ALBANY — Cop killer Herman Bell is among the more than 24,000 parolees granted conditional pardons by Gov. Cuomo so they can vote.
While the governor’s office in an announcement Tuesday did not provide a list of names of those included on the list, a state corrections website shows Bell was issued a voting pardon.
Bell, a former Black Liberation Army member who served about 40 years for the killing of two cops, was recently released from prison after the controversial decision by a Parole Board to set him free. The decision was blasted by law enforcement and Republican lawmakers.
Cuomo has said he disagreed with the decision to grant Bell parole, but Tuesday’s announcement set off a new wave of outrage.
“Herman Bell is a killer. The governor and his parole board allowed a three-time murderer to go free. The truth is Herman Bell should have been killed by the police when he was apprehended years ago and we would not be discussing him now,” said Ed Mullins, president of the sergeants’ union.
The Cuomo administration has said the executive order the governor signed in April covers anyone who is out on parole and in good standing, and that anyone who meets the criteria is automatically processed.
Cuomo when announcing his executive order said that New York was following 14 other states and the District of Columbia in restoring voting rights to people upon their release from prison. Two other states never take them away.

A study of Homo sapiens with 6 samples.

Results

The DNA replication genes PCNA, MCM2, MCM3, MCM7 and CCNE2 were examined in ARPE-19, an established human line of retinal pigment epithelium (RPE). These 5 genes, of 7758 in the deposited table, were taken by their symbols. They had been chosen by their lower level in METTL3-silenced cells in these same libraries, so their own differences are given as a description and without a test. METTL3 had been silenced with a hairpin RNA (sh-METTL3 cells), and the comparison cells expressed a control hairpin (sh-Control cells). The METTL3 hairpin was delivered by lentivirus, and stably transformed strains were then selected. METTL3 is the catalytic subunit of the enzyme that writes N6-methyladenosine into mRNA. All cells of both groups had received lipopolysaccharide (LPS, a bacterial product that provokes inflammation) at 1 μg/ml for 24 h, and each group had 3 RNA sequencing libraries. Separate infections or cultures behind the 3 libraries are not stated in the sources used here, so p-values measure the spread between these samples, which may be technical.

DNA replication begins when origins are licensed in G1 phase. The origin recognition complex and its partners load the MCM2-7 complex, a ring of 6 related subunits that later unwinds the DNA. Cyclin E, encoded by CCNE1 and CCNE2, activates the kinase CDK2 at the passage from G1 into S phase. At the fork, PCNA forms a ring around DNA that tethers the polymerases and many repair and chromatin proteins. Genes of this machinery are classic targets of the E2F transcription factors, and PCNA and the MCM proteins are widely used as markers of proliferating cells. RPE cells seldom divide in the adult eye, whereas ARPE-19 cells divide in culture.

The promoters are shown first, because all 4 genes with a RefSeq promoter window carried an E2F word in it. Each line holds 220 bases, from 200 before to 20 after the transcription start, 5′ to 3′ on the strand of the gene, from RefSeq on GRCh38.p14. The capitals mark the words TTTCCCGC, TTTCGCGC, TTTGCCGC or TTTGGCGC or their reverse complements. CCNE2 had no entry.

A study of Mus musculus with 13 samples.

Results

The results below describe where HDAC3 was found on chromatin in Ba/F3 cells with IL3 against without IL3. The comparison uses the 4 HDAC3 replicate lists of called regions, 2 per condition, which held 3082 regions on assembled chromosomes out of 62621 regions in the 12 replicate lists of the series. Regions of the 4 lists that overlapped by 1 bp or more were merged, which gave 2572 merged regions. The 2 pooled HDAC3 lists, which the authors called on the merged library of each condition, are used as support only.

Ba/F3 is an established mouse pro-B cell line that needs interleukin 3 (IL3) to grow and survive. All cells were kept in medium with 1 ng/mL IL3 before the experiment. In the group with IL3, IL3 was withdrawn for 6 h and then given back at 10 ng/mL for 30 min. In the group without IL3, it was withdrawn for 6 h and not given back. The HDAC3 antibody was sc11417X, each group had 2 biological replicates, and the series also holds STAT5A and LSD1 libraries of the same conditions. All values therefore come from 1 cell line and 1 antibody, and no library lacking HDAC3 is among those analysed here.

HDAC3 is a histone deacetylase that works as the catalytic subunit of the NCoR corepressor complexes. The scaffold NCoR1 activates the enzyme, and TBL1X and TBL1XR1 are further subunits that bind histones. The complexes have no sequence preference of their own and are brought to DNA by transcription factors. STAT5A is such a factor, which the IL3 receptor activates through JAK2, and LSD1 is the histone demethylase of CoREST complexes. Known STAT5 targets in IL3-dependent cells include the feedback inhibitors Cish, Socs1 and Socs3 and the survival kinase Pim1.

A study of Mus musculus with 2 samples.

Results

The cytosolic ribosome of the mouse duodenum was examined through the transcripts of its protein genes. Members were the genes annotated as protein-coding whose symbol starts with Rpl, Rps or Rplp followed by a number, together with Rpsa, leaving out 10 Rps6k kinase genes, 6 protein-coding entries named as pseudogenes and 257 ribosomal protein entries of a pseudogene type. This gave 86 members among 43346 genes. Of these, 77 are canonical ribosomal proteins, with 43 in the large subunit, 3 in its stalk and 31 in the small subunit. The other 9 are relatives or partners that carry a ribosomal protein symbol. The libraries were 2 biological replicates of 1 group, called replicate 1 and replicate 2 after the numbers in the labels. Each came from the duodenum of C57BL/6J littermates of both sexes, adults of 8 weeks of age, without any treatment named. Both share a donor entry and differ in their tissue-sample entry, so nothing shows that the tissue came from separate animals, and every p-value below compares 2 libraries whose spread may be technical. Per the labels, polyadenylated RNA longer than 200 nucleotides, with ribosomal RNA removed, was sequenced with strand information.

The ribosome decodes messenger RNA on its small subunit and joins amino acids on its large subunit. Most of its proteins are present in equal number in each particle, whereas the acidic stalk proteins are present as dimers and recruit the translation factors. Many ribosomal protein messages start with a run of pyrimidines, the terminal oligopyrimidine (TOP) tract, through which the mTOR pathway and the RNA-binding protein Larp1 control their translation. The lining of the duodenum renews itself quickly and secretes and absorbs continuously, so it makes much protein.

There are about 35,000 New Yorkers on parole who could not vote, the governor’s office said at the time the executive order was signed.
Cuomo announced Tuesday that he issued the first set of conditional pardons restoring the right to vote to 24,086 people on parole.
“The right to vote is fundamental and it is unconscionable to deny that basic right of citizenship to New Yorkers who have paid their debt to society,” he said. “Restoring a voice to men and women reentering their communities will strengthen our democracy, as well as the reentry process, which in-turn will help reduce recidivism.”
Cuomo’s office in a release said that the pardon review process examines each person and considers a variety of factors, including if the person is living successfully in the community by maintaining required contact with his or her parole officer and remaining at liberty at the time of the review.
The office said the remaining applications are under review and being processed.
The pardon will be revoked if a recipient commits a parole violation and is sent back to prison or is convicted of a new felony.
Tuesday’s announcement was praised by New York Civil Liberties Union Executive Director Donna Lieberman, the Rev. Al Sharpton, and other advocates.
“These pardons will encourage civic participation, make our political process more inclusive, and affirm the fundamental rights of all New Yorkers,” Lieberman said. “Voting is the right we exercise to protect all others, and this progressive action will strengthen New York’s democracy. The work now falls to communities across the state to ensure parolees are registered, engaged and heard.”
Others said the move was politically motivated, with Senate Majority Leader John Flanagan (R-Suffolk County) noting the announcement came on the eve of the state Democratic Party convention.
He said the move “is just the latest in a series of politically motivated decisions designed to attract more votes from the far-left fringes of his party.”
“Once again, the Governor has put politics ahead of the public interest,” Flanagan added.
Roy Richter, head of the police captains’ union, said giving parolees the ability to vote “gives new meaning to having a captive audience when campaigning.”